SQUASH BASICS

The best way to learn

There is no single best method to learn the game, however a combination of the 3 points below will set you off on the right path.....

Find a friend who plays a bit of squash and get them to show you the ropes. This will quickly give you a good base understanding of the game and should allow you to learn in a relaxed atmosphere. Playing a friend of a similar ability will give the closest matches, the best physical workout and, most importantly, maximum enjoyment.

Find your local squash club. Most clubs cater for all levels of squash from complete beginners to those who consider themselves worldbeaters. Squash clubs generally operate ladders or mini leagues in which you can play against opponents of a comparable ability.

Get a couple of professional lessons. If you intend to play the game properly this is money well spent, as a few lessons will set you off with the correct technique and should avoid the development of bad habits.

Kit & Equipment
Don't rush out and buy an expensive squash racquet. Let's face it, if you are just starting out you are hardly likely to know the difference and it is often down to personal preference what kind of racquet you like. Borrow a racquet, if you can, until you know what you are looking for. Many coaches will actually lend you a racquet if you have lessons with them.

Balls - unlike tennis, golf etc the squash balls vary depending upon your ability. The balls are graded as follows:

Blue - fastest ball and ideal for beginners. Ball has instant bounce.
Red - slightly slower ball than the blue one and good for intermediate players. Ball has instant bounce
Yellow - ideal for competent players on a cold court. Ball needs to be warmed up to gain a full bounce.
Double Yellow - standard match or competition ball. Ball needs to be warmed up to gain a full bounce.

It used to be the case that sports clubs required players to wear "whites" on the court, but so long as you have non-marking shoes in which  to play in you should be fine.

Shots to Play
To give you a head start on the terminology of the game, a brief summary of the various shots that are most commonly played in squash is given below:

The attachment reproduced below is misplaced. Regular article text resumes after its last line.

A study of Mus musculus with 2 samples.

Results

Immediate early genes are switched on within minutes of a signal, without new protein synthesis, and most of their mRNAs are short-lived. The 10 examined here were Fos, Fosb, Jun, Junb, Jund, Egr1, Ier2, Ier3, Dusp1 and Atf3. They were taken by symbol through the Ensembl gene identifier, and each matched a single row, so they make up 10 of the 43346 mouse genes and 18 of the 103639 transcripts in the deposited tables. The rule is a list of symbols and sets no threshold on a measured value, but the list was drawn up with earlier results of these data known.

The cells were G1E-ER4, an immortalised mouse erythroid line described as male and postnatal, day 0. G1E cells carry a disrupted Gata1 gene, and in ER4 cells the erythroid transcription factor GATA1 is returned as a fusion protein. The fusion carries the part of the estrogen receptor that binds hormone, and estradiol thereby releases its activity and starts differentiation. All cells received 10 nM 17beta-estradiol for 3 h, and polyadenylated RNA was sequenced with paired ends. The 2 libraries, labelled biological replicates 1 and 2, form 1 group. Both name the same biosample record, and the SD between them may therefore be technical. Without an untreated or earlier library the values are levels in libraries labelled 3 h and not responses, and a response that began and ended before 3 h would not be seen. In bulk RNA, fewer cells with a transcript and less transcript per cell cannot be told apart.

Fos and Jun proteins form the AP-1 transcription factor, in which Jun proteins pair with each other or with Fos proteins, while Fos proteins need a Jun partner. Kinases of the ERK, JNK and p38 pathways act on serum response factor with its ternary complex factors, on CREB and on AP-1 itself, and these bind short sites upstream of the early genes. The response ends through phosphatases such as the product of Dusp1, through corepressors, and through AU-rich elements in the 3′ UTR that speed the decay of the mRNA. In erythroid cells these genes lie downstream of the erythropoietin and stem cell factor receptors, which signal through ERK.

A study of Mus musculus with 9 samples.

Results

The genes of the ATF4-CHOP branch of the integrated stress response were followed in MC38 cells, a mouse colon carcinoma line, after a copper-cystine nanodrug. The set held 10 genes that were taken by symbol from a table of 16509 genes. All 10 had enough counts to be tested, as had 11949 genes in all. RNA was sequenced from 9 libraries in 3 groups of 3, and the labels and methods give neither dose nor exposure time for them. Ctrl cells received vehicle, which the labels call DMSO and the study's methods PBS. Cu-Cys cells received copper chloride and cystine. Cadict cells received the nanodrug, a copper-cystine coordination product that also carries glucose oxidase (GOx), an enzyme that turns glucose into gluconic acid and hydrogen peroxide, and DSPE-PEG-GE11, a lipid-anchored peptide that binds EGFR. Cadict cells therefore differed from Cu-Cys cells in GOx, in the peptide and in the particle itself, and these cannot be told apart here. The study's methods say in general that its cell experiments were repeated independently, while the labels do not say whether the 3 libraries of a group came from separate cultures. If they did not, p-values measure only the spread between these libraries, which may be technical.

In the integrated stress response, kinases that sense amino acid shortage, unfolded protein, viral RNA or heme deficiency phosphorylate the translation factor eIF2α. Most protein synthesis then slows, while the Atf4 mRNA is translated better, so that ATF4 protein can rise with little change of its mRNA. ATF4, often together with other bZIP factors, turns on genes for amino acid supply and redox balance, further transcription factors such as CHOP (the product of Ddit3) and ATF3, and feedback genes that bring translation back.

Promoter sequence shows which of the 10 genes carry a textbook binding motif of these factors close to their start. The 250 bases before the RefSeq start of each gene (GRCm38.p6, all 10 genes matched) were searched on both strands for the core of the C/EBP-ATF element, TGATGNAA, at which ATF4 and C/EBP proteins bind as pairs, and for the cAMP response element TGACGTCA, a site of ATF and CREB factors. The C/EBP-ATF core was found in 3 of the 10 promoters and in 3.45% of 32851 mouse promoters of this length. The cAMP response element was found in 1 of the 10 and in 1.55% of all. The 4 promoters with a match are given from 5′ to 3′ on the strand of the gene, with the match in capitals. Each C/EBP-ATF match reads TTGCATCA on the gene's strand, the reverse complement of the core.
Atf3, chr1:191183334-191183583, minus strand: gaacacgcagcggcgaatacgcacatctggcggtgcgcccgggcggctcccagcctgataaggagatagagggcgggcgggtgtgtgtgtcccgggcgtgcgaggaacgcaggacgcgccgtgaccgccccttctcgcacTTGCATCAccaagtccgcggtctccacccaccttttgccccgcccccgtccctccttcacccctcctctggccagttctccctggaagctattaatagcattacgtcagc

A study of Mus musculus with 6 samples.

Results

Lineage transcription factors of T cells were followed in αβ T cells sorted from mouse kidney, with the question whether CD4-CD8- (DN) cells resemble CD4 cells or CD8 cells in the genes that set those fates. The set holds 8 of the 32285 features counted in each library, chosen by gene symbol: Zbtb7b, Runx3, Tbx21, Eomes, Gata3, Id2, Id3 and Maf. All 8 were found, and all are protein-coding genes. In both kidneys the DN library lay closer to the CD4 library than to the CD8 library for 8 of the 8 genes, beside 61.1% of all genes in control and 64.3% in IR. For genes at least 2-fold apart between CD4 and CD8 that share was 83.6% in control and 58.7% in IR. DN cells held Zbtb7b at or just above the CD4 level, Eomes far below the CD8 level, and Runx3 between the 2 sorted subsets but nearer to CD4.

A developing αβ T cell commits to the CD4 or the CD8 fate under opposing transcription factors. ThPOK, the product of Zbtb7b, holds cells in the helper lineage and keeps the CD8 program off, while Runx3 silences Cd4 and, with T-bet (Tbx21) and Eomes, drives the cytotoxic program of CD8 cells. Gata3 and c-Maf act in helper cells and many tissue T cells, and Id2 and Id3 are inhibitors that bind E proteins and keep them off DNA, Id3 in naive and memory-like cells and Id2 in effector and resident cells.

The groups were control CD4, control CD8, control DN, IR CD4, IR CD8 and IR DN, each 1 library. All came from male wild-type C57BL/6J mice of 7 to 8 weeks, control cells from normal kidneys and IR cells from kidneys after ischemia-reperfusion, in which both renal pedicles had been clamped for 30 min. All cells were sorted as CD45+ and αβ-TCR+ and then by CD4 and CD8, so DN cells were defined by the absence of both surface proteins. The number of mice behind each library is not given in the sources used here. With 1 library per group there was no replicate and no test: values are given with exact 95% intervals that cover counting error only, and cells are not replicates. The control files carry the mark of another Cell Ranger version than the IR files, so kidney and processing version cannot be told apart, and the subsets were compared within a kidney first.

"A length" This shot is a shot that  runs the full length of the court either along the side walls or across the court and is the single most important shot in the game. The shot is used to move your opponent into the back corners away.

"A drop shot" This is an attacking shot that is played softly to the front of the court with the intention of the ball dropping near the front wall.

"A boast " This term describes a shot that has been played off the side wall before it hits the front wall. It can be either a defensive or an attacking shot.
"A lob " As in tennis, this shot is played up and over your opponent's head with the intention of landing the ball softly at the back of the court. This shot is ideal for slowing the pace of the game and giving yourself time to collect your thoughts and regain control.

"A kill " An attacking shot played low and hard into the front wall when you have the advantage in the game with the purpose of putting your opponent under extreme pressure and hopefully wrapping up the point.

Key Tactics
Squash has been called "a physical game of chess", although it has to be    said that it does move a little bit faster! There are many different tactics in squash, but here are some of the essential basics that will provide a firm foundation for    developing your game:

Always return to "the T" after playing your shots ("the T" is the central point of the court where the court lines cross). The player that commands the tee will win the games.......it is as simple as that.

To win the T from your opponent, the ball needs to be placed tight to the side walls and towards the back of the court, either using by playing good lengths or a lob.

Play the ball to the gaps in the court. This sounds obvious, but you will be amazed at how many players will hit the ball back to their opponent.

Final Comment
The basics given above are just that, the basics. Bear in mind that squash is physically demanding and the old adage applies that you should "get fit to play not play to get fit". Also, accidents can happen, so if you do wear glasses make sure that the lenses are plastic and not glass.